What I’m reading: Fareed Zakaria’s The Post-American World, 2008.
Since November articles and features have trickled through the popular press trying to assess and comment on Obama’s progress, variously marking the one year since his election, and now one year since his inauguration. Most of them have focused on the specific achievements (or rather, lack thereof) by his administration, and of disillusionment setting in across America reflected in approval poll ratings and a Republican win in Massachussetts, all ahead of midterm elections later in the year. Were the promises of change merely illusory?
I’ve recently finished reading the The Post-American World, by Newsweek columnist and editor Fareed Zakaria. The big idea that he was trying to convey was of the continuing preeminence of American power in the coming century. Instead, that its challenges lie instead in the waning of its global purpose and influence. He spends a fair amount of time (a chapter each) to see where China and India are going, that they are the up-and-comers in a way that Japan never was and could be. But their potential place in the world will lie not in directly challenging US military, demographic or economic might, but in providing an alternative model to reshape world affairs so that all roads need not lead to the US, as it has for the past half-century. America’s choice therefore, will be like that of Britain at the end of the 19th century (although in a different way) – the world is catching up to it, and while for Britain smart politics belied its economic position, for the United States it can still be the preeminent economic power. The question is whether it will be politically so.
I mention this book because it’s an engaging critique of where American exceptionalism has gone so wrong over the past two decades. America has since its founding, seen itself as special, a ‘city on the hill’ founded distinct from the fusty, convoluted Old World of Europe. But in its more recent global conduct it has seen itself as exceptional so much to the degree that international law is to be flouted willingly and treaties to be unilaterally abrogated, all guided by the conviction that it is the world that must conform to the US, rather than the other way around. Imperial aggressiveness has generated widespread resentment. It has lost the respect that the world has had for it, and the legitimacy of being the first among equals – or, in Joseph Nye’s famous phrase, its ‘soft power’ has been gradually eroded and whittled away.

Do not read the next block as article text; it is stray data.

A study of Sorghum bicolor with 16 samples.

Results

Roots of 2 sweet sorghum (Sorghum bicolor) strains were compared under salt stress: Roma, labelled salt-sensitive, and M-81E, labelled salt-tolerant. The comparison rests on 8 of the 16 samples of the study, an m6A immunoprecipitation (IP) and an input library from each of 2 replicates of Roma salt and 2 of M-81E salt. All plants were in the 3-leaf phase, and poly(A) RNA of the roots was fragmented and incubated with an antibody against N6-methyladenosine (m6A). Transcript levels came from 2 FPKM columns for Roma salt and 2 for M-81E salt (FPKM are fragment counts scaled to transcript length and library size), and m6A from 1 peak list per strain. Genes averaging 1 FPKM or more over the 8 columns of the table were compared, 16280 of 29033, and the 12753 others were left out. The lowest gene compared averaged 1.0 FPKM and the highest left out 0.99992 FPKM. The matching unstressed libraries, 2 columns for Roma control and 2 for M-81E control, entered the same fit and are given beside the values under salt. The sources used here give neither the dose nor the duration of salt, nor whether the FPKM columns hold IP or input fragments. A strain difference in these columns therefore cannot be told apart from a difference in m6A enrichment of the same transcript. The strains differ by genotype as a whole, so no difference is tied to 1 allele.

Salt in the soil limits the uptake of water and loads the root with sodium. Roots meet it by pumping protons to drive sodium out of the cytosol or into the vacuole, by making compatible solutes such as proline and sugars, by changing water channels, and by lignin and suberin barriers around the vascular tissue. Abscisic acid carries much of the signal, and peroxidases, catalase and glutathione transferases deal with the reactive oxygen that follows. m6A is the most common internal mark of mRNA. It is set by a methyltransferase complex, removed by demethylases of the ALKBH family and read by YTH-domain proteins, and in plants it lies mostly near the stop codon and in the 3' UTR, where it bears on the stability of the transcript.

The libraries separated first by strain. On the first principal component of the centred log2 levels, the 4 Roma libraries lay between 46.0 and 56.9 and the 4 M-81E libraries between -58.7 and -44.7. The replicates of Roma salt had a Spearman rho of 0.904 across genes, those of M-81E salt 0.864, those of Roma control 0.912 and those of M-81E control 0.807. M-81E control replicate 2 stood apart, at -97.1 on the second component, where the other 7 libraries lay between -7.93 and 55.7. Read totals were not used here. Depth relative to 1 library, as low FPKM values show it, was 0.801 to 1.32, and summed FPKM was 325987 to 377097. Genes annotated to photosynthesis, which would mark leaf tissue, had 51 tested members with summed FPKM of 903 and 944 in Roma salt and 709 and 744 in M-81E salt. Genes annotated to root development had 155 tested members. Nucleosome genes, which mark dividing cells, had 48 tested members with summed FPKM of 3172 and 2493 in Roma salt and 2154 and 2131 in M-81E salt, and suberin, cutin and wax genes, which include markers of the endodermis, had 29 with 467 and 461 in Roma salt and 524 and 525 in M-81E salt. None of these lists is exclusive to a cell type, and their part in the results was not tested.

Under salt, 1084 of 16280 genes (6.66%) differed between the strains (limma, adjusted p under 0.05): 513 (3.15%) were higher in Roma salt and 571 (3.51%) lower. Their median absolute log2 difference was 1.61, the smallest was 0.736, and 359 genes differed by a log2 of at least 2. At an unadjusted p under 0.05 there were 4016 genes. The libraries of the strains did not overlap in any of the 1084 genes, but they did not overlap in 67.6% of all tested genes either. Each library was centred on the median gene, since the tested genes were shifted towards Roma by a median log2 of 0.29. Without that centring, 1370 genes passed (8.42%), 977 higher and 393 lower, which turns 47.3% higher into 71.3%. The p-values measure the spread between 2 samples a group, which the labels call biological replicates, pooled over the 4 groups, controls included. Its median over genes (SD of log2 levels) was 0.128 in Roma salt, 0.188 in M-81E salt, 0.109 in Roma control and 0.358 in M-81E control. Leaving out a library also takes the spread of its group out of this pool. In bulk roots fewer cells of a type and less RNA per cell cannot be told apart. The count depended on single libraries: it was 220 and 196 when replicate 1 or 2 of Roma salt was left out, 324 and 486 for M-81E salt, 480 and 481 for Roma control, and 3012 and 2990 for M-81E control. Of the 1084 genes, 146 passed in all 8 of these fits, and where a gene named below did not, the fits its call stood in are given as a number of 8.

And Obama recognises this (a great deal of his appeal arguably because of this recognition), speaking of improving American ‘standing’ in world affairs (see an interesting project piqued by this question of ‘standing’ as a foreign-policy goal). But Obama also has to be seen in light of this deeper cultural background of insularity and smugness – the effects of which are to dump on healthcare reform as ‘socialized’ medicine and unworthy of America, or insist that it’s unfair that China doesn’t have the same climate change obligations than the US, or require a chest-thumping response to its military presence in Afghanistan.
The exceptionalist impulse, fed by the assertive posture of the Clinton and Bush years, remains strong. If there is disappointment in Obama for not achieving enough, it seems to be largely because this hasn’t been able to dial down this aggressive exceptionalism as yet. Zakaria offers a series of guidelines to restore American purpose as that which the rest of the world still has faith in (making strategic choices about its involvement in distant lands, creating a structure of rules and values for the whole world, engaging with all rather than balancing against some, and so on), which is sensible and all well and good.
But I think many people often forget Obama doesn’t have a blank sheet with which to set about the task of restoring American legitimacy in the world (or indeed its own direction domestically). I say this not as excuse but in trying to put his task into a bit of context. In one of these one-year-on pieces, a line by Anna Quindlen in Newsweek last November has stayed in my mind: “If the American people want the President to be more like the Barack Obama they elected, perhaps they should start acting more like the voters who elected him.” Reshaping American exceptionalism for the global good has to confront the current hyperexceptionalism, which is no small order. And doing it all inside a year may be just a bit too much to ask.